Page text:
Why do we discount the future? And how might be combat this tendency? Comedian Jerry Seinfeld has a great bit where he highlights our human tendency toward what behavioral economists called "present bias": our preference for short-term gratification.
Here on The Tonight Show With Jay Leno, Seinfeld explains how Night Guy can mess with Morning Guy by staying up too late. "That's Morning Guy's problem. That's not my problem." It's a terrific (and humorous) insight into human behavior:
Night Guy, Morning Guy and the Markets
We see this tendency everywhere. In business, there is an urban myth circling that this present bias has forced the the average holding time for stock today down to 11 seconds. We have pumped computers full of algorithms and they do the heavy lifting, so this seems to make sense. While it's true that the average stock holding time is eroding across the globe, it's not 11 seconds. What used to be 7 or 8 years holding time for stocks has turned into 7 or 8 months (see graphic/source below)
We would do well to remember the lessons from Arie de Gues' The Living Company in which we studies companies that have been around for 500 to 1,000 years.
"Companies die because their managers focus on the economic activity of producing goods and services, and they forget that their organizations' true nature is that of a community of humans."
Combatting Short-termism and Valuing the Future
Seinfeld's poignant observation actually proves to have a psychological basis. Our mind really does play tricks on us. In this case of present bias, the science suggests we literally feel as though our future self is another person. And this person--and all those other future people--will deal with whatever can we are kicking down the street: from macro issues likes budget deficits to climate change to credit card debt to the personal like saving money and preventative health.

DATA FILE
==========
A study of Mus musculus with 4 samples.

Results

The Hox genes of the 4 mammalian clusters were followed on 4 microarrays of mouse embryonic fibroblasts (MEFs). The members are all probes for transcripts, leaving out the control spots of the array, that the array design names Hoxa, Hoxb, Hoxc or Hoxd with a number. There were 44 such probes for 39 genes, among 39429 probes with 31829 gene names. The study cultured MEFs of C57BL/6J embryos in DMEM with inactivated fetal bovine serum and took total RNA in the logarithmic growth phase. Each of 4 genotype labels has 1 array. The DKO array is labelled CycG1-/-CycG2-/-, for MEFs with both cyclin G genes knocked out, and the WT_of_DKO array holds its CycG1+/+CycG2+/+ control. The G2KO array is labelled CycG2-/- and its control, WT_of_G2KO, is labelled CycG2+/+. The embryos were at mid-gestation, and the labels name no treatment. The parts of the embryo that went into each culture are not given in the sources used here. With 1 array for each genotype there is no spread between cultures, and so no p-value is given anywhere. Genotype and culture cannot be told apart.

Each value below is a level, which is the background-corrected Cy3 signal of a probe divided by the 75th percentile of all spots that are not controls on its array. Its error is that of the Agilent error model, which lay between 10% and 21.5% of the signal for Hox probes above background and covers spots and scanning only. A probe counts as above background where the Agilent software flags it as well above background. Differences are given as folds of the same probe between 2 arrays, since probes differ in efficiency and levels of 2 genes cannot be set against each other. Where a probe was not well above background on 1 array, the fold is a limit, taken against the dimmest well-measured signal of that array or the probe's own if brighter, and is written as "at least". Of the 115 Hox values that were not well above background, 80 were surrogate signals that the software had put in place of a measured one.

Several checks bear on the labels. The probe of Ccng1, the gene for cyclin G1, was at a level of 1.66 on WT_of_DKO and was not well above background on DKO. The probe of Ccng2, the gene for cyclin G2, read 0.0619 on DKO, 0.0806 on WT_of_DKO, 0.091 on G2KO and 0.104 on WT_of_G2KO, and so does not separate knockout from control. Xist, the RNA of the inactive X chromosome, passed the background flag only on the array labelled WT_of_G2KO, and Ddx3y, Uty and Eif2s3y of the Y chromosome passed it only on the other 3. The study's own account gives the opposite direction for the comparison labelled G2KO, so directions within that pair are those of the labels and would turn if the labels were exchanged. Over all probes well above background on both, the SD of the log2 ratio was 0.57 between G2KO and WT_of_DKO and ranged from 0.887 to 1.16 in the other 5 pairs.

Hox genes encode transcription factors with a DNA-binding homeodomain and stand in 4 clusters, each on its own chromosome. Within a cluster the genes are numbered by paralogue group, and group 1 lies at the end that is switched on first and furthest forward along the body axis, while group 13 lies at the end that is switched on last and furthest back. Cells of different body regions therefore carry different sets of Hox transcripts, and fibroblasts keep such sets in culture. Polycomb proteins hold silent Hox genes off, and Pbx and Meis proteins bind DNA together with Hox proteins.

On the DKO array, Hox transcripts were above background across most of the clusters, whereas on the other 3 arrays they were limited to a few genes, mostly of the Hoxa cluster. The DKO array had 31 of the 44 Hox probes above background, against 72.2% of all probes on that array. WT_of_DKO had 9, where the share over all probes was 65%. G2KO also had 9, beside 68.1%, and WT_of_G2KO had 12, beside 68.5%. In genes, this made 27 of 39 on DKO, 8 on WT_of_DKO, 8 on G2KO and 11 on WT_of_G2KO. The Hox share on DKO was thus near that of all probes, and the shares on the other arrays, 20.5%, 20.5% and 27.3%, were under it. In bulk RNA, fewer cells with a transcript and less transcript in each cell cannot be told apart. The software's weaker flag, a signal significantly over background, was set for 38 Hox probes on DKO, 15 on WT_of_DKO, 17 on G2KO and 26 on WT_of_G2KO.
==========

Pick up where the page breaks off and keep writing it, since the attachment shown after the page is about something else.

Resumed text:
So what do we do about this tendency? How do we get back at Night Guy?
The Future is Closer Than You Think
To have a company that exists for 1,000 or a family legacy that persists after you pass, short-termism and the present bias must be defeated. This time of year, people set resolutions or goals for the New Year. But it struck me the other day that a year is too short.
Much like quarterly earnings reports can be limiting to judge business performance, a year is too short to judge life performance. When Paul Polman became CEO of Unilever he famously told Wall Street that quarterly earnings reports were a thing of the past. He wanted his company to think for the long-term and quarterly calls were creating a myopic culture. Similarly, I suggest that a year is too short for our resolutions. We should think over our entire life performance which, it turns out, is much longer than we think.
I think of Mary Jean and Frank Smeal, born in the early part of the 1900s who blessed thousands of students when they endowed the Penn State College of Business in 1990. Their legacy will literally touch millions of lives for countless years to come. The Smeal College of Business is now evidence and testimony to their lives.
Just how long is a human life? In the U.S., it depends of course on race, gender, socioeconomic status but we can say roughly 70 years. But what about the lives we influence? Not everyone has children, but since I do I thought about this through the perspective of being a father and future grandfather.